Vitamin B8, also known as inositol, used to be assigned to the B vitamins. Today it belongs to the vitamin-like substances, the so-called vitaminoids. These perform similar functions in the body as the vitamins, but can be partially produced by the body itself.
Vitamin B8 is also known as biotin, vitamin H or vitamin B7. It is one of the eight vitamins from the vitamin B group, all of which are water-soluble and drive the body’s metabolism. With vitamins from the B group, there is no danger of overdosing. What the body does not need, it excretes in the urine.
The body cannot produce vitamin B8 itself. Therefore, it must be taken in with the diet.
Our body needs vitamin B8 for skin, hair and nails. It also promotes sugar metabolism. In case of a deficiency, hair loss and skin diseases can occur. Depression can be the result of an undersupply of vitamin B8.
Vitamin B8 absorbs fats and carbohydrates from food, breaks them down and converts them into energy. All processes in the body need this energy to get going and function properly.
However, metabolism is not the only area in which vitamin B8 is effective. It supports, among other things, the production of keratin and thus contributes to the healthy functioning of skin and hair, or healthy growth.
It is also involved in the growth of cells and their communication with each other. It thus has a decisive influence on how individual body tissues function. Blood and nerves are also affected by this.
An undersupply of vitamin B8 affects the skin and hair. Reddened and inflamed areas appear on the skin; hair may fall out. Other symptoms may include muscle pain, fatigue, headaches and loss of appetite. On a psychological level, depressive moods may appear as a deficiency symptom.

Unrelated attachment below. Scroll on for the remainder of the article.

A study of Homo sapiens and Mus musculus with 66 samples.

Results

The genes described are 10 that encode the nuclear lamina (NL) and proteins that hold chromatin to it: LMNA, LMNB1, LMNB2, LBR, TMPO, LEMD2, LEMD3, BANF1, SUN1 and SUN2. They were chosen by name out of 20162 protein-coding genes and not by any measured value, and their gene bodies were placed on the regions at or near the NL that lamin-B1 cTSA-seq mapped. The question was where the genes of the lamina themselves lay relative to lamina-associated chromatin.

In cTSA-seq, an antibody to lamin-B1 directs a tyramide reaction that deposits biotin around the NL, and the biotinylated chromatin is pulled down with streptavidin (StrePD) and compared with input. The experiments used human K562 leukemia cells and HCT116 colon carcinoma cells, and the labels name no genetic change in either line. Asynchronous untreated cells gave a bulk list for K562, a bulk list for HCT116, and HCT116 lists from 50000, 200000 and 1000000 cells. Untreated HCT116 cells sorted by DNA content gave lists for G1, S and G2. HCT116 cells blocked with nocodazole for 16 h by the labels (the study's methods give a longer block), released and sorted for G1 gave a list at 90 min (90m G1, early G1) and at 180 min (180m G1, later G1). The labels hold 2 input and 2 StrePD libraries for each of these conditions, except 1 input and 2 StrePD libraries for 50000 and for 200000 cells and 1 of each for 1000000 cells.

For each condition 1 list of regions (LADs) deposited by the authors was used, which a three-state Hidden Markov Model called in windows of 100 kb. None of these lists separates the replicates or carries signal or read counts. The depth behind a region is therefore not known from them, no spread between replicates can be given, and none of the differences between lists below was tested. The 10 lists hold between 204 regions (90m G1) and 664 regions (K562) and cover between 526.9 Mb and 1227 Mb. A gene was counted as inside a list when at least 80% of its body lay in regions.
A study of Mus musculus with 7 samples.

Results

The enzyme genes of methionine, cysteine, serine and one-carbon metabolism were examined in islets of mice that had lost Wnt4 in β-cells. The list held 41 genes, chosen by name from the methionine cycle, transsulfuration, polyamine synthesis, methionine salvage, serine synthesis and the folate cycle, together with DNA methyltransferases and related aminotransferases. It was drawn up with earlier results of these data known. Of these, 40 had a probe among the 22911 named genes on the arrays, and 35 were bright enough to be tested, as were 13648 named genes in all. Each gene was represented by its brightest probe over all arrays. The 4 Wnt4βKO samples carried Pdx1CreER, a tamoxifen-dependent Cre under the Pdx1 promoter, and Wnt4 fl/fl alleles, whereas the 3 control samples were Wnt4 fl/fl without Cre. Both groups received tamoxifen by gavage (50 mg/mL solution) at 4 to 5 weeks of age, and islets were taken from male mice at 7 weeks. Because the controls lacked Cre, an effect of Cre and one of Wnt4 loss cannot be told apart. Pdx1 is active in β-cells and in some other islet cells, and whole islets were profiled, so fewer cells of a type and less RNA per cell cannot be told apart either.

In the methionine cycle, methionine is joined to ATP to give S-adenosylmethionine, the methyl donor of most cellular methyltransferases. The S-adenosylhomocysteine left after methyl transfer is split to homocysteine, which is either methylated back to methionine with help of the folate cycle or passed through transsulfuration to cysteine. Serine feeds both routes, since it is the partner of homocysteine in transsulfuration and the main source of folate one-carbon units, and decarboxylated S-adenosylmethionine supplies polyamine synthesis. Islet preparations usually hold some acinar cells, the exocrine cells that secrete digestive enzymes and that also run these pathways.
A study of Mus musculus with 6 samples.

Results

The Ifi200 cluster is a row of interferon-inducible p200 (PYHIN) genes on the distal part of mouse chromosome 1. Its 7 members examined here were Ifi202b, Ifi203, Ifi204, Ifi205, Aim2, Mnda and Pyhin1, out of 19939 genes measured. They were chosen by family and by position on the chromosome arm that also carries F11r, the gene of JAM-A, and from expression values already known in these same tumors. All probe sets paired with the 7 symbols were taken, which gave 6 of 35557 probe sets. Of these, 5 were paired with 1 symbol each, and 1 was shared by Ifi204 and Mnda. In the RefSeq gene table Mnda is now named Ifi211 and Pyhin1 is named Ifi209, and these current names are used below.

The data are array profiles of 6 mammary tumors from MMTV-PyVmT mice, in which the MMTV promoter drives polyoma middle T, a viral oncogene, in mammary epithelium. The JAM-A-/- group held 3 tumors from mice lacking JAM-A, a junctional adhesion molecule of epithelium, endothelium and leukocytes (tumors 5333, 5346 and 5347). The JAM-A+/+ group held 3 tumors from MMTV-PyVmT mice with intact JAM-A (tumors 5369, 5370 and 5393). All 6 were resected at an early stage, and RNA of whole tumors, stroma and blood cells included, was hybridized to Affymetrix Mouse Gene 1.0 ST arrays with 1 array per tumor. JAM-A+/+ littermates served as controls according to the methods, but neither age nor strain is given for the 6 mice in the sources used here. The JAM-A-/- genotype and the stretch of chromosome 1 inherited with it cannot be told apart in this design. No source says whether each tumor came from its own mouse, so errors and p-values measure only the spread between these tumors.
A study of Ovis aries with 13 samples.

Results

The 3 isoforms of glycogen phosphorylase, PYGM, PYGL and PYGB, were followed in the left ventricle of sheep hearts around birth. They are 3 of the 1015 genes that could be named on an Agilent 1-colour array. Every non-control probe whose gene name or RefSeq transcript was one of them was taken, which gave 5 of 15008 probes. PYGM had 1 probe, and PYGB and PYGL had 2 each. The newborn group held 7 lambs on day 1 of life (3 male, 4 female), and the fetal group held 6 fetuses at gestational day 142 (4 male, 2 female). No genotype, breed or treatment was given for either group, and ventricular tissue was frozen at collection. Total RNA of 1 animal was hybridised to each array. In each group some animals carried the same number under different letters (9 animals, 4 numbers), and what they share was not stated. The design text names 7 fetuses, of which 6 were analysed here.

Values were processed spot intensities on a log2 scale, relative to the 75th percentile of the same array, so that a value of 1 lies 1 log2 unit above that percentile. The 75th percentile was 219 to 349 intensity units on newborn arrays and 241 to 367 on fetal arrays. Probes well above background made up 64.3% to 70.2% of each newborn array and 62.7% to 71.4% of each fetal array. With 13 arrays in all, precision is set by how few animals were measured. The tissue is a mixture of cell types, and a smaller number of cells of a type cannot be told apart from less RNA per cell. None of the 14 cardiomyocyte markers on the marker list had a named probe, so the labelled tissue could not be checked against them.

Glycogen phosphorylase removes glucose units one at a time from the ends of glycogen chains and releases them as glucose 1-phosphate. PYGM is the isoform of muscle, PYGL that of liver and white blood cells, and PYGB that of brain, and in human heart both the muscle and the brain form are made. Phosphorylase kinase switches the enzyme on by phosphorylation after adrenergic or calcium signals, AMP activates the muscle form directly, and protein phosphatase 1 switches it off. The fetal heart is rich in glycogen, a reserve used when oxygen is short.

Although a deficiency of vitamin B8 is rare in a balanced diet, there are risk groups that could be affected. These include pregnant women, people with eating disorders, or people who are currently on a course of antibiotics. There are also certain hereditary diseases in which biotin absorption is inhibited.
Vitamin B8 is found in yeast products. It is found in nuts, soybeans and meat. Liver, in particular, can have high levels of vitamin B8. Lentils and legumes also have a particularly rich content, as do all dairy products and cereals. With this rich selection, it can be assumed that a deficiency of vitamin B8 is rather rare.
The recommended daily amount for adults is 40 micrograms. It can be found in 400 grams of apples, three boiled eggs, in about 320 grams of rice or 70 grams of soybeans.
As a food supplement, vitamin B8 is often listed under the trade name biotin. In addition to high-dose biotin products, there are also many preparations with additives such as selenium and zinc. Many biotin products are offered for special support of skin, hair and nails. If the daily requirement is not met, our supplements such as Vitality Shot are the ideal alternative.
Raw eggs contain a lot of vitamin B8. However, they also contain avidin, which in turn binds vitamin B8. Thus, an opposite effect rather than the desired one could occur.
The importance of vitamin B8 for the human body is reflected in the name biotin, which is also commonly used. Bio is derived from the Greek word for “life”.